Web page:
As a young queer woman growing up in South Dakota, my sexuality was more a cause for fear than pride. When word got around my middle school, I was told by faculty that I would stop “this behavior” or find another school. I was silenced, so I turned to poetry and prose. Writing was my way to express myself. On paper, there was no reason to fear, and that gave me courage in my real life.
Today, poetry has grown especially among the queer community, as well as among young people of color. Not only is it a form of self expression, but it has become a platform for people to start important and uncomfortable conversations. Topics such as racism, homophobia, sexism, sexual assault, to name a few. Those who are oppressed are often persecuted and shamed for their anger.
Poetry has become an outlet. A way to speak out and make people listen without dismissing us immediately. A chance for them to contemplate, to ask questions, open up to what they don’t want to see. Moving to Ashland OR and then to Portland after experiencing what I had in my youth, I felt like I could breathe. I was surrounded by those who had similar stories, people who knew my anger, my fear. I felt validated, finding this community, speaking with other artists and seeing the vast and diverse talent Portland has to offer. It is so different and yet connects and inspires us all. A specific saying comes to mind almost every day as I explore this city.
“You cannot heal where you got sick.”
My story isn’t the only one, there are so many who have taken their hurt, the darkest corners of themselves, of our society, and made it into written art. I sat down with a young poet I have had the pleasure of getting to know. Up and coming queer poet, J. Kerrien Dennis (Soda Graveyard, First Night in Paradise).
Sitting down over coffee at a local shop on the south east side in Brooklyn here in Portland. sharing experiences with how our writing has affected our lives, our views on the world, was eye opening to say the least. Poetry is meant to be open to interpretation, but hearing the voice behind the prose gives it more of a meaning than I ever could have imagined.
The question everyone always starts with is “what first made you write?” To a lot of writers and poets, or even artists in general, this is also the most difficult question to answer.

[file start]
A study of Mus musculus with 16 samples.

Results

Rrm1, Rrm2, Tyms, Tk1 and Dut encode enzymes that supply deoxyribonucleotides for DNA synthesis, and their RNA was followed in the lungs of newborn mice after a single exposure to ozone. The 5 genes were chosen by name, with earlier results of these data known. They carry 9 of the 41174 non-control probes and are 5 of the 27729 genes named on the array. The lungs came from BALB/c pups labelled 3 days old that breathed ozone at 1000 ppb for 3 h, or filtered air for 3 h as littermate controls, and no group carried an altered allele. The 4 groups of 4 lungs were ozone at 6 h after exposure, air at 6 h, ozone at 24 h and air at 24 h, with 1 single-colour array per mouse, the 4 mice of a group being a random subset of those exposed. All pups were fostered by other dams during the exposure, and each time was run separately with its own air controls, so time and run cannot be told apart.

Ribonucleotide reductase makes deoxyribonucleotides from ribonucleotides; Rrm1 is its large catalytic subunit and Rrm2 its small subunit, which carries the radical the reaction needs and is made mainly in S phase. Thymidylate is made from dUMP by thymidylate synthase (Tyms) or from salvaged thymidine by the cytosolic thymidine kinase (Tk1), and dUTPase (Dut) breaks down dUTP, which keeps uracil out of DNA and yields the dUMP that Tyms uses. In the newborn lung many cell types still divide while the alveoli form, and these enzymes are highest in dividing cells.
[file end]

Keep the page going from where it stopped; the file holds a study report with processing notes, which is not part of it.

“What was a thought about my day, would turn into a poem about my week.” J. says with a little laugh. “I never just sat down and said, ‘Alright, I’m going to write poetry now’. It all happened very organically” .
J. goes onto describe his poetry as someone would describe photography, snapshots of moments, insignificant as they may be, but something he feels compelled to put on paper. Whether it be because it inspires a certain feeling, or it’s a moment he feels deserves to be remembered. Even if it is just by him.
“I write my poetry from a place of anger, mental illness, especially concerning oppression. It’s emotion that isn’t pretty”
It’s a feeling I could relate with, When I first started writing, I did try to make it pretty. Create an escape for myself. But growing up, and seeing all that was going on around me. Socially, politically, my poetry became angry. And after experiencing a personal trauma, it became charged with a fire that many would like to put out, or ignore altogether. But for me, for so many, that fire, that feeling that makes the pen rip right through the paper, it’s all someone has. “If my poetry makes people angry, especially if they disagree with me, that’s what I want. Not to take a moral high ground, but considering what I write, If this is something that makes people upset maybe they need to reflect on what they’re really angry about.”
Anger into art, that’s what the oppressed are doing. So many have lost loved ones, experienced trauma and they pick up a mic, a pen. They are some of the bravest people I have ever known.
They are the ones who say the hardest things to hear, the things that make your stomach drop. But they are the things that must be said, must be shared.